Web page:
VIProfile: Brandon Smith




Story by Emily Robertson

As the son of a football coach, Brandon Smith has been around the game his whole life. He grew up playing football, eventually playing for his dad as his coach and then at Western Kentucky University. Now, he follows in his father’s footsteps, running a football program here in south central Kentucky that has seen quite a bit of success.

“We moved around quite a bit when I was young; and when I was five, we moved to Danville and I grew up there,” Smith says. “I played high school football there for my father and went on to play football for WKU. After I graduated from WKU, South Warren High School was getting ready to open as a new school. I got hired on to help coach the football team and I thought I’d be here two or three years, and now I’m going on year 13.”

Smith, who played quarterback during his playing days, filled a defensive coordinator position at South Warren High School that was left vacant a few days before practice started. He found success in that role; and when the head coaching position became available, administration offered him the job.

“With South Warren being new, there were zero expectations about the success of the football program, especially with most of the schools in the same district not having a lot of success,” Smith says. “We were able to change that mindset in the school and in the community, and it’s been a great thing to see everyone’s attitudes about the program shift and change.”

A big reason for the change is that the South Warren Spartans football program has seen success; a lot of success. Since Smith took over as head coach, the Spartans have won the KHSAA State Championship in 2015, 2018 and most recently, 2021.

“The success we’ve seen with the program is great to be a part of, but you do feel pressure to keep it going,” Smith says. “It is almost a relief to win, more than it is an excitement. But honestly, that keeps you motivated. You have to like that kind of pressure to have this job.”
South Warren Football starts practicing each season on July 10th, and the team played their first game this season on August 20th. The program includes 100 players and 14 coaches. Even though there is a culture of winning for South Warren football, Smith wants to ensure that each player in his program truly has fun playing football, so that they will want to work hard for the team and for themselves.

“I believe you have to get the players to enjoy it first,” Smith says. “If they don’t like it, you are wasting your time. The younger players watch and learn from the older guys. They start to understand that when they become varsity players. And we try to teach them that they have a responsibility as a player on the team. They have a lot of people watching them and there is an expectation, so we want them to hold themselves to a higher standard.”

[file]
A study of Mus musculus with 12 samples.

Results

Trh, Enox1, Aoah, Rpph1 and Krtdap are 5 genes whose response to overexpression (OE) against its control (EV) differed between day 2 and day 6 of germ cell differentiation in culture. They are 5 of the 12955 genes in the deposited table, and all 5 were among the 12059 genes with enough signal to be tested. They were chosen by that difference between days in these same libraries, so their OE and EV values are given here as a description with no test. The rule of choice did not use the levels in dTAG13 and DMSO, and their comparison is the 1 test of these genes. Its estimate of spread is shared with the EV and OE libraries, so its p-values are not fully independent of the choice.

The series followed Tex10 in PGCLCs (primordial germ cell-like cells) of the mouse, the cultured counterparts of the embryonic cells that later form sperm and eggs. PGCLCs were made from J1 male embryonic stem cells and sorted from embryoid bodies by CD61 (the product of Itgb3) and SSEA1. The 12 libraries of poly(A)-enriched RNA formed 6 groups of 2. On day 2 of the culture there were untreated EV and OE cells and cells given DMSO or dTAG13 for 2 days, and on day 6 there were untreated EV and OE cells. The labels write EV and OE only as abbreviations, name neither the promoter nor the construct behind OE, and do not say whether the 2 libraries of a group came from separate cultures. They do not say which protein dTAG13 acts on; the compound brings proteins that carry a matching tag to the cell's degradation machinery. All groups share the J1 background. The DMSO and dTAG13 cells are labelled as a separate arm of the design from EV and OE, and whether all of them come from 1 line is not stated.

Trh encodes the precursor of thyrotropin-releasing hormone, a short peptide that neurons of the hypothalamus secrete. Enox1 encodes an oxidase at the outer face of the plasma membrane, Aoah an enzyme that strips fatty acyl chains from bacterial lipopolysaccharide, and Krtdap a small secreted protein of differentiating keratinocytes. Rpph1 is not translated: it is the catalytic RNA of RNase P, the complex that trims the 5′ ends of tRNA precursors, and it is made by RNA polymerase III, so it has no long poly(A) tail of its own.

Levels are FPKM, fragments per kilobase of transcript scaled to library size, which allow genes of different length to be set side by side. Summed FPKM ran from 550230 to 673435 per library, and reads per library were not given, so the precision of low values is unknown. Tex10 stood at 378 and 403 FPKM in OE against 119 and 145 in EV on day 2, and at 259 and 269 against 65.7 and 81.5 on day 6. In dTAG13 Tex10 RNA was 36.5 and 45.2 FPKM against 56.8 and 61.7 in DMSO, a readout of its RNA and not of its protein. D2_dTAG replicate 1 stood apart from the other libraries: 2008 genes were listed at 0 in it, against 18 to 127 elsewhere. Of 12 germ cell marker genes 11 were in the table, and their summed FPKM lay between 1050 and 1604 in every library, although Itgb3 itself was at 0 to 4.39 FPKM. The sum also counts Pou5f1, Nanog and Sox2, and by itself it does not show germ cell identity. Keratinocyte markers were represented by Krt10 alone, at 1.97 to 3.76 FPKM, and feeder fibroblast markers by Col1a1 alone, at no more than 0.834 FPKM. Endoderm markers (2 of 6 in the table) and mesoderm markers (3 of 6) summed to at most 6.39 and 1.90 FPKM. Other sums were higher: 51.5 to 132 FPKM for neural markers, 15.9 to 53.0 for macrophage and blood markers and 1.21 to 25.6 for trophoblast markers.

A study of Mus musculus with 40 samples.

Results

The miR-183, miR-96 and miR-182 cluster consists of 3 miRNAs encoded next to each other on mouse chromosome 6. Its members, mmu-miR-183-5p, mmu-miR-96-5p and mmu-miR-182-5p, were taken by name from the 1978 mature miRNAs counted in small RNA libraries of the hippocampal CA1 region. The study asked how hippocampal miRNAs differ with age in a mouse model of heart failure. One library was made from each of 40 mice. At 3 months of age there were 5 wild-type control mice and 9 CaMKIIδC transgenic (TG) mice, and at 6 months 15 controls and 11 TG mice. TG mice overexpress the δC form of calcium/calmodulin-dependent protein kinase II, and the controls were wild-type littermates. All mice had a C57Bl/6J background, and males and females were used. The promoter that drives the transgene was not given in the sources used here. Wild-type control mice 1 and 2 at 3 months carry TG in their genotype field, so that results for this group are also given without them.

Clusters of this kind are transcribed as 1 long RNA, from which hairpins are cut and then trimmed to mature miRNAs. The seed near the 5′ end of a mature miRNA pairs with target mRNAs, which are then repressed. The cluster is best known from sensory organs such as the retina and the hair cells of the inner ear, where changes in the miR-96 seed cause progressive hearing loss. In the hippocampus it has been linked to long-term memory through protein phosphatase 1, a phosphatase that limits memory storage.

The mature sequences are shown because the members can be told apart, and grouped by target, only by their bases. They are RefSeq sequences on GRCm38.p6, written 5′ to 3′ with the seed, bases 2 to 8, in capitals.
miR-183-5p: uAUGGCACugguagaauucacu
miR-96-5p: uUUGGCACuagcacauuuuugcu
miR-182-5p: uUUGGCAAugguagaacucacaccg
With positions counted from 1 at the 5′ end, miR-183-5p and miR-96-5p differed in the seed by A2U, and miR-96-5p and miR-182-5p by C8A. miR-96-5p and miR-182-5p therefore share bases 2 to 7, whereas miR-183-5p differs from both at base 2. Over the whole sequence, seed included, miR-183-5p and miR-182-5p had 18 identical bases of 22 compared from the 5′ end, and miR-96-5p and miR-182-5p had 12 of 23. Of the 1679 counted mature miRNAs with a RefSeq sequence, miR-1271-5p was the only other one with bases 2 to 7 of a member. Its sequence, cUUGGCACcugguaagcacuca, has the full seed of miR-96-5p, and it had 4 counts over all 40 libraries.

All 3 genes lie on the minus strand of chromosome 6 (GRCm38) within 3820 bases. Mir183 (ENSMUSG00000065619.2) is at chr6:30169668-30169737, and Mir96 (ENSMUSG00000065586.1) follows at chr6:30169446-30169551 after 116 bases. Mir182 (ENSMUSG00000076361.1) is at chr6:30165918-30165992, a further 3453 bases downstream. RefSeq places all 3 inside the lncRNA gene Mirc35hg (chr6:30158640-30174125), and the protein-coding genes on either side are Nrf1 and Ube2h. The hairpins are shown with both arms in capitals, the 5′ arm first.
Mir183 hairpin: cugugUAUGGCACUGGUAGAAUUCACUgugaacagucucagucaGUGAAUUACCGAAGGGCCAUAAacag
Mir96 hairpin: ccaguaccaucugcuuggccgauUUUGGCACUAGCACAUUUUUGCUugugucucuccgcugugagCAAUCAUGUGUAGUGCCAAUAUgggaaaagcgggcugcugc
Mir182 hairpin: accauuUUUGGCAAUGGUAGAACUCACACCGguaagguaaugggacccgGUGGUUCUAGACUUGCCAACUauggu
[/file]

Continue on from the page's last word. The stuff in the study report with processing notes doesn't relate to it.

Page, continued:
So much of how Smith coaches the Spartans, he learned watching his dad, Chuck Smith and seeing the impact he had both on and off the field. “My dad is a legend in the field,” Smith says. “I watched him from a young age and then played for him and had a great experience. Everyone would come up and say how much they appreciate him and how much he impacted them. Watching that, I decided at a young age that that’s what I wanted to do.”

While coaching at South Warren keeps Smith very busy, especially in the summer and fall, he devotes any extra time he has to his family: his wife, Whitney, who he met while they both attended WKU, and daughters MacClain, 4, and Landry, 1. 

“My wife is a physical therapist and runs a couple clinics in town, so when we aren’t working, we spend every chance we get together as a family. I want to do things and have experiences with them, so if I have free time, it’s given to them. We enjoy traveling and spending time outdoors hiking and kayaking.”

Smith says his biggest influences in his life are his parents, Chuck and Jackie Smith. His father is his role model in his professional life, and his mom helps him to have work and life balance. Smith’s parents moved to Bowling Green after retirement to be closer to their family, and Chuck joined Smith on the coaching staff as an assistant coach at South Warren, an experience that was extremely special and allowed the father and son to work together and share in the excitement of winning the state title in 2021.

Looking towards the future, Brandon wants to continue to grow the program and continue to help grow the young men on the team. “My dad gave me really good advice,” Smith says. “He said ‘Always plan like you’re going to be there forever.’ And that’s how I run operations. That’s always been my mindset. Honestly, the most satisfying part is when guys come back and visit. They had success, or they fought through adversity, and they tell us that football taught them how to do that.”